One of the challenges of Lent for Christians is to avoid confusing process with event.

That is a shorthand way of saying that the stories we read in the scriptures cover a period of time, and we need to try to live with the narrative, not conflate it.

So, for example, the people to whom Isaiah addressed his writings three thousand years ago did not know the middle or end of their story. Those who were warned that exile might well be coming (Isaiah 1-39) didn’t know what that exile would mean in reality. Which is probably why they went into denial and didn’t take the threat seriously. Those who went into exile in Babylon experienced existential (as well as physical and material) loss, but they would soon have to come to terms with a new reality. Nostalgia wouldn’t help, nor would wishful thinking.

But, they also had no idea how long exile would last. There was no template for how to live in the strange land, with its different routines, languages, expectations, limitations, and so on. Even the immediate future was uncharted territory. We know what happened over the following decades, but they didn’t. So, they had to work it out as they went along, never sure they were reading the times right or not.

Sounds familiar?

We need to use our imagination to dig beneath the text. If you were born at the beginning of exile, you might have some memory of ‘home’. But, if you had grown up into your mid-adulthood in exile, exile is normal. What then of the memory of a home you didn’t know? So, how do you live, but also how do you think about how you live?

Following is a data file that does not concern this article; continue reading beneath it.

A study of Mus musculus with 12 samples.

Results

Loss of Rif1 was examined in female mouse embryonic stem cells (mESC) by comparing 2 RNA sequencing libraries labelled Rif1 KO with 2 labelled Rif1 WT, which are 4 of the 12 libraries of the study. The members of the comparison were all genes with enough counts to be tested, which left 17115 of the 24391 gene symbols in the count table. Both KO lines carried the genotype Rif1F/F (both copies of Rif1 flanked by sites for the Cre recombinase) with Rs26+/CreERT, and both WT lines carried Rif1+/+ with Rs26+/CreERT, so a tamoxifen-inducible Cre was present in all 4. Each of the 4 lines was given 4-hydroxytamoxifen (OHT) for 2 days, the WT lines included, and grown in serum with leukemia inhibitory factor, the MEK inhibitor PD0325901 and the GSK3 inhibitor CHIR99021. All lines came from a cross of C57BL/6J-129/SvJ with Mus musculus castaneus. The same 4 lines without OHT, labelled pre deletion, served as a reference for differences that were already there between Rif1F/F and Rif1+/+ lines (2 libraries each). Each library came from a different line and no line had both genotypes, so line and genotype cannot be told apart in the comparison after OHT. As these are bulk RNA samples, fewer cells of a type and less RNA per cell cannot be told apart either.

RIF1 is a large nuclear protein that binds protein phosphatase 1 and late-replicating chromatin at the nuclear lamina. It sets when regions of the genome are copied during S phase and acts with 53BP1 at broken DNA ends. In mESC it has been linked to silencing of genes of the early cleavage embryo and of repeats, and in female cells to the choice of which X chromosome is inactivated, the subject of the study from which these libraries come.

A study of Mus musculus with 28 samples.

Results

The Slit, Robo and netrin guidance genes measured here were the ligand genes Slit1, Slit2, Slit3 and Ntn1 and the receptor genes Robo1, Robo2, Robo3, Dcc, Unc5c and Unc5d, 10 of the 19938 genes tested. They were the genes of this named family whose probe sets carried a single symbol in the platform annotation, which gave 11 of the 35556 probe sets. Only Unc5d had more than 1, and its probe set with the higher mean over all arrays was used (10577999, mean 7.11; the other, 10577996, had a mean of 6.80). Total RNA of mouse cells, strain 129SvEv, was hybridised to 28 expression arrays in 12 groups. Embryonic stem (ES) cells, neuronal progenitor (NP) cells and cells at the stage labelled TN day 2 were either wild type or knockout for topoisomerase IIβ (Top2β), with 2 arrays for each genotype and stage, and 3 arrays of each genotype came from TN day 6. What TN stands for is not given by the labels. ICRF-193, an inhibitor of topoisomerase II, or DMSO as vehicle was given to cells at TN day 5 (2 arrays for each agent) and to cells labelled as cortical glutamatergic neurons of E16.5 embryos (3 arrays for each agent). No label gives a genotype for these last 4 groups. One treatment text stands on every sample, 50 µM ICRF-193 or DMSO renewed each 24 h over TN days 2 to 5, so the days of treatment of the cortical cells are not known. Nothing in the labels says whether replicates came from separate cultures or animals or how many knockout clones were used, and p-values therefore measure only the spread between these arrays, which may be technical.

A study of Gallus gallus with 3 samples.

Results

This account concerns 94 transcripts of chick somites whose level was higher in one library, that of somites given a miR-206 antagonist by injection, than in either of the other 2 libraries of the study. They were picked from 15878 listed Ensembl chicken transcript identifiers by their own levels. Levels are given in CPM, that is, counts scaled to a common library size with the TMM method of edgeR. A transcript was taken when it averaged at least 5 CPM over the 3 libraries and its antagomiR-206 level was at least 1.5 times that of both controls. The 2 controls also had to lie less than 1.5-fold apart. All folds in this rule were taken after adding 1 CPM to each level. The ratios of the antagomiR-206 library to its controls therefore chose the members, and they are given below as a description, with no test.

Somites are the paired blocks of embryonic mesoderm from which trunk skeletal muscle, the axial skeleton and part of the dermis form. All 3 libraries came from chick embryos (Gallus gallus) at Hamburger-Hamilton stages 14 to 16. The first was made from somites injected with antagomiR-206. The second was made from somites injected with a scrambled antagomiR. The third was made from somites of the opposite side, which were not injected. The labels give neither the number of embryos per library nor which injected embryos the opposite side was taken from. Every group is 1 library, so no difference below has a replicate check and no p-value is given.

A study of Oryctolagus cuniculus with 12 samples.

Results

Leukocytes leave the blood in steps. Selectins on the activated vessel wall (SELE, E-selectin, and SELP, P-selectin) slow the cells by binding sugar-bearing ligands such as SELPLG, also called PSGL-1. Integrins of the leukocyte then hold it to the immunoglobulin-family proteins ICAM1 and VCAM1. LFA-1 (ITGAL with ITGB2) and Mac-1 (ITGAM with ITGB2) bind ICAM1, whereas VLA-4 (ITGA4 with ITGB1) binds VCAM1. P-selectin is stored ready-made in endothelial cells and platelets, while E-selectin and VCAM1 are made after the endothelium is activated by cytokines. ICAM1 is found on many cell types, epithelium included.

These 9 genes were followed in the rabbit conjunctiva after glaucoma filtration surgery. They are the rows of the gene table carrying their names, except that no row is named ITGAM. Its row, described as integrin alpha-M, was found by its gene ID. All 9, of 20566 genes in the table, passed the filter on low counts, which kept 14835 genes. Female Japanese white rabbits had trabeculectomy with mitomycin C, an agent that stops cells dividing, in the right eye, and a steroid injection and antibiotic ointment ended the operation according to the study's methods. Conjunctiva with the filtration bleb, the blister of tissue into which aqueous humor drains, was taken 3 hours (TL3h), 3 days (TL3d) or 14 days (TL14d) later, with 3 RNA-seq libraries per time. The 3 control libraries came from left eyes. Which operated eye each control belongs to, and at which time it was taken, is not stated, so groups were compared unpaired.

The point is that we can read these texts today in our search for wisdom, and even be surprised by how contemporary the recorded experience is. Basically, human beings face the same questions in every age. Yes, we have to navigate the particular channels of today’s phenomena; but, we should not be so arrogant as to suppose we are unique or even original.

A reading of the ancient texts tells us that we always need to expand our concept of time. The exiles were in for the long haul. Generations might be born, live and die in exile. Their grandchildren and their grandchildren might know no other reality.

So, the question remains: does our confidence – our faith – lie in a set of personally positive circumstances or some equation for securing a future? Or does it lie in a conviction that transcends the immediate good or ill that being human necessarily brings us? In Christian terms, does my faith lie in a formula … or in the person of the God who takes a longer view and, as we will re-live at Easter,  defies death itself?